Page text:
West of Dingle, another of Kerry’s popular attractions is the Great Blasket Island. Inhabited until the 1950s, the island was home to a people who lived the most traditional of Irish lives, passing down oral history and folklore and maintaining a self-sufficient society. Visitors can walk around the island and explore the ruins of former homes, as well as learn more about the history of the island at the Blasket Centre back on the mainland.
Any trip to the Munster province should include a drive or tour bus through the Ring of Kerry, a route which begins in Killarney, heads around the Iveragh Peninsula and passes through Kenmare, Sneem, Waterville, Cahersiveen and Killorgin. The Ring encompasses some of Ireland’s finest beaches and panoramic sightseeing along the way. There is also an established walking path named the Kerry Way, which roughly follows the scenic drive.
Limerick City is situated along the curves and island of the River Shannon, and is one of Ireland’s top tourist destinations. Limerick Museum, next to King John’s Castle, includes exhibits on the history of the area. Visitors should also explore St. Mary’s Cathedral, the oldest building in Limerick that is in daily use, and the Hunt Museum, which exists in a historic 18th-century custom house by the River Shannon. The museum holds about 2,000 artifacts from Ireland and abroad. Visitors can also take the Angela’s Ashes Walking Tour, designed to take travelers through the sights Frank McCourt described in his Pulitzer-winning novel, including Arthur’s Quay, Sutton’s Coal, Windmill Street, People’s Park Redemptorist Church, and many others.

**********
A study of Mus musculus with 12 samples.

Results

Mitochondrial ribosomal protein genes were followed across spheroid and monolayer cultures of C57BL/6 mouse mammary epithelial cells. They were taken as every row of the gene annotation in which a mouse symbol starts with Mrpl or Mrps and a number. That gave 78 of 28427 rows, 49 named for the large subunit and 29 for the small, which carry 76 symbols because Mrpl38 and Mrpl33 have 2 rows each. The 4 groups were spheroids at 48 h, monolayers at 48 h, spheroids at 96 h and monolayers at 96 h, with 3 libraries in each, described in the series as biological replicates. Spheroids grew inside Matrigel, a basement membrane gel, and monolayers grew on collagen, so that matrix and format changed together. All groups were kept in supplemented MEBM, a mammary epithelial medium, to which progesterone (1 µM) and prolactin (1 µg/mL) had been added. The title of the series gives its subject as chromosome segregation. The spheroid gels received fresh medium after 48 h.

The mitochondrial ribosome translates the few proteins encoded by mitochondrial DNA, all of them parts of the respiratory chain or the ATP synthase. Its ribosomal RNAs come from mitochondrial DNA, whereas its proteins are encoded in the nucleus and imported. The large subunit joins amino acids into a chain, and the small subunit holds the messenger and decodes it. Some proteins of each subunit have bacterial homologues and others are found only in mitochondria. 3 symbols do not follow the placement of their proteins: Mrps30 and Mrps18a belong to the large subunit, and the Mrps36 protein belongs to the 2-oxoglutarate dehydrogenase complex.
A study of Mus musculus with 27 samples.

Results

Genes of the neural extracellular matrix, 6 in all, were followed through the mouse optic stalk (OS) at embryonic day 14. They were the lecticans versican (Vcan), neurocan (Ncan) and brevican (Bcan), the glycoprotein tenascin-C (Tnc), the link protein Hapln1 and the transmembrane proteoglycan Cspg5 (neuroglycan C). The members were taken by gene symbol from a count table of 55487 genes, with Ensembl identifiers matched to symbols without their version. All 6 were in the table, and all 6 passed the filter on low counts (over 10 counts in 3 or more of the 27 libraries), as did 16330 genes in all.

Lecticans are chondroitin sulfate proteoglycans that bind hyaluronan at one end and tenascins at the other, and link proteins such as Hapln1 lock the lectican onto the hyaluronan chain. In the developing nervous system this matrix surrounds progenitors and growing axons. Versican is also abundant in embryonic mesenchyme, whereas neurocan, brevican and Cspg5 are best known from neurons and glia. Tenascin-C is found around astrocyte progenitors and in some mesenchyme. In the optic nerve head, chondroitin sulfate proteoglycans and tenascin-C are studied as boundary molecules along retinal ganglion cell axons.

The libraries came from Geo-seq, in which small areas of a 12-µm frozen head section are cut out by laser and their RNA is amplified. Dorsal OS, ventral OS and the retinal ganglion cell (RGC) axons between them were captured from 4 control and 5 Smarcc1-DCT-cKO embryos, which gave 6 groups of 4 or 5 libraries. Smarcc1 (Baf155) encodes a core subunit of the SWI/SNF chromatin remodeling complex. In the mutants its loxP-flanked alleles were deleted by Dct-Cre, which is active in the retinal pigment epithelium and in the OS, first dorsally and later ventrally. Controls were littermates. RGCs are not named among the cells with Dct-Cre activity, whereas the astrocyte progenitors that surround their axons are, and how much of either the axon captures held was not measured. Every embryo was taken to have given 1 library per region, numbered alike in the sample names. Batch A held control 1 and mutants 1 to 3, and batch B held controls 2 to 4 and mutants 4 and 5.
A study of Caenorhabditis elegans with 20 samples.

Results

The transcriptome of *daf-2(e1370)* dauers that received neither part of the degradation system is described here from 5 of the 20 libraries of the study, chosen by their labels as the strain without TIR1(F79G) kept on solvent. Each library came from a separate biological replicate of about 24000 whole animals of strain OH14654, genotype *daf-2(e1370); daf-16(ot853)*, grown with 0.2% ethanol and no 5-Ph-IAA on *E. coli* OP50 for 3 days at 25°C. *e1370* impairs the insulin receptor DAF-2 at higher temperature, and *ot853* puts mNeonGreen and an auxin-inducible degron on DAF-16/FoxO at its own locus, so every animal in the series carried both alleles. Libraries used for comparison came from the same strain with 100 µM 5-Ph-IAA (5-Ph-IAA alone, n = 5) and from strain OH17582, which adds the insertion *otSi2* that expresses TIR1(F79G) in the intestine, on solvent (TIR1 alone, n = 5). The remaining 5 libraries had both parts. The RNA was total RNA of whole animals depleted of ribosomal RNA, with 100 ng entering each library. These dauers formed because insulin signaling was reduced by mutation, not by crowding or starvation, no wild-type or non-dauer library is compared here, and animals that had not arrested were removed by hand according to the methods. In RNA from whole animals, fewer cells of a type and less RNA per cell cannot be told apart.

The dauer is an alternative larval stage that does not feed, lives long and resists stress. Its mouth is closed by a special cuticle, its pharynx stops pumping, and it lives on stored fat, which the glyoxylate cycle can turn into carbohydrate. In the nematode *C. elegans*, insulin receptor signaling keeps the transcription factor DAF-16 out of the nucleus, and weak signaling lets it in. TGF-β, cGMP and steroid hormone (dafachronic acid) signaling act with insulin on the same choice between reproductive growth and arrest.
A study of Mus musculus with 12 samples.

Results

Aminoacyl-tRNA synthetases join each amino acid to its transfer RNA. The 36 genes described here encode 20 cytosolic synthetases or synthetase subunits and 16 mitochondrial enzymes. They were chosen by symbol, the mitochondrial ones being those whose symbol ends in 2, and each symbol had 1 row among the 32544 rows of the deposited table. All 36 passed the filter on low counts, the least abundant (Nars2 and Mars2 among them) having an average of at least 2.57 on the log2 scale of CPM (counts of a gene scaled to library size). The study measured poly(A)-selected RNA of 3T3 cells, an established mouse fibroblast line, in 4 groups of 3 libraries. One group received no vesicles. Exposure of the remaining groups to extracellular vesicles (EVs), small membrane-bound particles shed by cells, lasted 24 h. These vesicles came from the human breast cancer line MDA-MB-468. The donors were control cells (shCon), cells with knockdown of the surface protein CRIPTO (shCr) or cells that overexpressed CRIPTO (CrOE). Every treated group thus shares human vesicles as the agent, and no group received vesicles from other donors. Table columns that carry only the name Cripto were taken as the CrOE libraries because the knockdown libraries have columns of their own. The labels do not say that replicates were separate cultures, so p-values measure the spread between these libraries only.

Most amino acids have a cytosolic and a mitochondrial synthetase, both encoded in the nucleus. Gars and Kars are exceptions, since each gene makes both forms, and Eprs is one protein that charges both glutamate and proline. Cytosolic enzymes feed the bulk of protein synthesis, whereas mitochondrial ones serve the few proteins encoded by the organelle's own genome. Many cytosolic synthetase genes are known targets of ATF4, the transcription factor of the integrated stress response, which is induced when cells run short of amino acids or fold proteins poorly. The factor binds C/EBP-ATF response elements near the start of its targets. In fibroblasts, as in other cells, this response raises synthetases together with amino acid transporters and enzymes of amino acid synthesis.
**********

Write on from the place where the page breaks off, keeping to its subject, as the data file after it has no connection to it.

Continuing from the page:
County Tipperary is steeped in history, as a medieval foundation that became a center of population in the early 13th century. Cashel (meaning Stone Fortress) offers several historic tourism destinations, including the Cashel Folk Village, a series of informal reconstructions of various traditional thatched village shops, a forge, and other buildings. But the town is most renowned for the Rock of Cashel, a site that served as the traditional seat of the Kings of Munster for several hundred years prior to the Norman invasion. The ruined church and fortifications still stand on the elevation of stratified limestone. Also worth a visit is the Holy Cross Abbey, a restored Cistercian monastery near Thurles.
Waterford City is the primary city of the southeast region of Ireland and is famous for being Ireland’s oldest city, founded in 914 AD by Vikings. Situated at the head of Waterford Harbor, it is a hub of historical significance and Irish culture. Waterford’s oldest cultural quarter is what is referred to as the Viking triangle: the part of the city surrounded by its original 10th-century fortifications. The Mall is a Georgian thoroughfare located near the People’s Park. Waterford’s Museum of Treasures is also worth a visit, housing a collection that spans over 1,000 years of the city’s history.